This entry was posted in Conspiracy and Democracy Project, Conspiracy Theories on 13 January 2016 by

Conspiracy theories are a marginal phenomenon, a form of disreputable counter-knowledge, and therefore unlikely to bring down strong democratic governments. Nonetheless, a case might be made that they contribute to a sometimes misplaced trust in elites. By all accounts, such trust is at historic lows. Complacency and political cynicism may be at corresponding highs. As Hugo noted, the polling data we have seen tends to suggest a link between conspiracy theorising and political disengagement. Trust correlates with irrational suspicion. Alfred has argued that conspiracy theories may, under certain circumstances be a good thing, as unpromising lines of inquiry that nonetheless ensure elites remain accountable. Our data suggest irrational suspicion and mistrust of elites is no recipe for holding power accountable. If anything, it points in the opposite direction: conspiracy theories may justify and deepen a profound sense of disenfranchisement.

Byung-Chul Han writes that neoliberalism casts the individual simultaneously as master and slave, with the result that ‘anyone who fails to succeed blames themselves and feels ashamed’. Failures are chalked up to individual mistakes, not societal failures or power imbalances. The result is apathy. Conspiracy theorising exists on the other end of this spectrum: individual failures are rationalised as inevitable, the result of the system (or society) being run in the interests of the few.

I return to my point about conspiracy theorising being a label normatively applied to the persistent disinclination to interpret events as the result of random or complex interactions. On balance, I suspect it is better for democracy if we default to giving political elites the benefit of the doubt, rather than imputing sinister motives, but I may be wrong about that.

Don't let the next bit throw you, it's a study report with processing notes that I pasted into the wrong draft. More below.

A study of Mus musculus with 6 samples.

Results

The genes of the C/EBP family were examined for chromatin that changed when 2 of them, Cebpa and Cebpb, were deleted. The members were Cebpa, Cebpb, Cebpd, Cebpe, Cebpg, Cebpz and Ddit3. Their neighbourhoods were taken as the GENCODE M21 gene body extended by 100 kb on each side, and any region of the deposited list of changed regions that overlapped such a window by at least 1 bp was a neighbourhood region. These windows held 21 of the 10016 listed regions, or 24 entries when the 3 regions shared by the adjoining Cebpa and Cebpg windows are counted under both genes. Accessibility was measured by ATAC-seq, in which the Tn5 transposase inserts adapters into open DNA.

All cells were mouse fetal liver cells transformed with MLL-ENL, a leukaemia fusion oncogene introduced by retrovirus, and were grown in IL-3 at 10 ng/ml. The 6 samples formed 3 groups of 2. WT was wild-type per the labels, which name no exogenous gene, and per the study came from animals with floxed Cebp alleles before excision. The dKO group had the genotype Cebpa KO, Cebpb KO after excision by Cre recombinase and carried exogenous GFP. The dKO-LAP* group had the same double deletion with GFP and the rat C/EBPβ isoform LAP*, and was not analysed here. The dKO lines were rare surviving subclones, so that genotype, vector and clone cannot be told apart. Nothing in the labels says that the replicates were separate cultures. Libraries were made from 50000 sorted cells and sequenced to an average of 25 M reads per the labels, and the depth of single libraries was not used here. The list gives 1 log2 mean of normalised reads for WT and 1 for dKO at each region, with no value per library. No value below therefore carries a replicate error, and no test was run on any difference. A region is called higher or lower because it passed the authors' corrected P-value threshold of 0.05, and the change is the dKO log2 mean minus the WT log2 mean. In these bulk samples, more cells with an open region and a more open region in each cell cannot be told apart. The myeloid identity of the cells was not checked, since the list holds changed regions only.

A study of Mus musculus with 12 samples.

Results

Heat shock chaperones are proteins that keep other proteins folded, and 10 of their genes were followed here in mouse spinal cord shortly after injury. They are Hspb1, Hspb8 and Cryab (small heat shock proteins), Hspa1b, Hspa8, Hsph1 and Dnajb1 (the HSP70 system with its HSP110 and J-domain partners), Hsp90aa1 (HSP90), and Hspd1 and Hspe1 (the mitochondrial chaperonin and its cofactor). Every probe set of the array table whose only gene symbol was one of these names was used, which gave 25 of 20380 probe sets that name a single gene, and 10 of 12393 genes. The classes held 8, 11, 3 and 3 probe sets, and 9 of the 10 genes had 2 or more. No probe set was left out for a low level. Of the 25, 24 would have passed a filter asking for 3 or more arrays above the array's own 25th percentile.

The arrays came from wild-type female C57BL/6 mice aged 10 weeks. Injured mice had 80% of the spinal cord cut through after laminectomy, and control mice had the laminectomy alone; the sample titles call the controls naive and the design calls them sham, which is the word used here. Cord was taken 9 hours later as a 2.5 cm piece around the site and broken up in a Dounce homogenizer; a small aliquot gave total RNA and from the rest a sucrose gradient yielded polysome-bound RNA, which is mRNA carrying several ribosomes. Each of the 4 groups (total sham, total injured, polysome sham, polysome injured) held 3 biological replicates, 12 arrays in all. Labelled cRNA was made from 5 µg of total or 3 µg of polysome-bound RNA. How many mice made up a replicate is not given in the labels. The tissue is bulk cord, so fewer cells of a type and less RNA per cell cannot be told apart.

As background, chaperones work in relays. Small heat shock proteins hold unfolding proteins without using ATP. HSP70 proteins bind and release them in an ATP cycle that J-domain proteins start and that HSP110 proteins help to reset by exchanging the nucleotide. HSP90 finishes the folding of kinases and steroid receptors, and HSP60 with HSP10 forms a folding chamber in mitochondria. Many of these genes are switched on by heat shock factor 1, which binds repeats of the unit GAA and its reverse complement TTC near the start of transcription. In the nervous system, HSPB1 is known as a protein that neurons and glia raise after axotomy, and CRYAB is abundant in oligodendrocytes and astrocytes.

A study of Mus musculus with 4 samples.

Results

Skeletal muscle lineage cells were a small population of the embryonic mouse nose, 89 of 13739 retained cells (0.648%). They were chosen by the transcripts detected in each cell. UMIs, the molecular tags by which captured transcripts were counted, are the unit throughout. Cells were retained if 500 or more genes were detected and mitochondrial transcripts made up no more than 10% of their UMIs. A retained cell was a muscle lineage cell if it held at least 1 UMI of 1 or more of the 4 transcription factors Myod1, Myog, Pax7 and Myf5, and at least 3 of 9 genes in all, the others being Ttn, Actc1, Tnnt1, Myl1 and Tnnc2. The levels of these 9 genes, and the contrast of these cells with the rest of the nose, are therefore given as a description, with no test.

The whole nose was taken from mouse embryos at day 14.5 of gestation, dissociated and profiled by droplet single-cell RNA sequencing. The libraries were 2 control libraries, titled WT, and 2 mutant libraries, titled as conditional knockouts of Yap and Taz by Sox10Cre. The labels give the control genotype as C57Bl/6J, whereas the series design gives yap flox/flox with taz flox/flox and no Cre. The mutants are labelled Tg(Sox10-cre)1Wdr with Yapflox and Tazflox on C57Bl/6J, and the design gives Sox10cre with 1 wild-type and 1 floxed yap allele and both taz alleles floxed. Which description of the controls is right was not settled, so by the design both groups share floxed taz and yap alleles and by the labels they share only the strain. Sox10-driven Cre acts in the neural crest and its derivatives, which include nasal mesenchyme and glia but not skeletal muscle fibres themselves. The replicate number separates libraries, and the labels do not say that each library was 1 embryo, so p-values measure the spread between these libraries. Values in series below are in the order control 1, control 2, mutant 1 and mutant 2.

More importantly than what happens within firmly democratic states, I think conspiracy theories pose a challenge to any democratising project, e,g. in hybrid states – ones that combine the trappings of democratic rule with various informal or traditional authoritarian practices. Deep mistrust of political elites opens up vulnerabilities that can be exploited by authoritarian regimes, to sow mistrust within other states, and to discourage their own citizens from seeking democratic change. Take Russia Today – the TV channel claims to provide an alternative or corrective to Western mainstream news. According to Peter Pomerantsev, journalists working for the station talk about RT as a counterbalance to Western propaganda, the suggestion being that any notion of truth is of secondary significance. Anyone who thinks otherwise, Pomerantsev reports, is seen as naive. What matters is competing narratives and positions, positions that pose as equally valid.

Recently I attended a conference where a colleague presented the results of a new poll. She asked Russian university students to rate the degree to which they accepted 11 statements about Russia and the West. These statements, taken from state television, positioned the West (or America) variously as hypocritical, the perpetrator of crimes and atrocities, in competition with Russian power, and as responsible for hoodwinking its own citizens. As it turned out, ¾ students agreed that ‘Western countries have long exhibited double standards: their condemnation or endorsement of political forces abroad is determined by geopolitical interests, not morals’. In contrast, when asked about Russia’s role in international relations, students often struggled to answer, with more than 20% ticking the ‘hard to say box’ when asked to assess the statement ‘A new world order is forming in which Russia’s position is strengthening and the West can no longer dominate’. The students held much firmer opinions about the West and America than about their own country.

To the extent that Russian media reporting on the West adopts conspiratorial narratives, these explanations appear to provide popular, accessible firmly held cognitive shortcuts for assessing the value of Western-style democracy. Assuming we think democracy is normatively better than authoritarianism, then this is probably no good thing.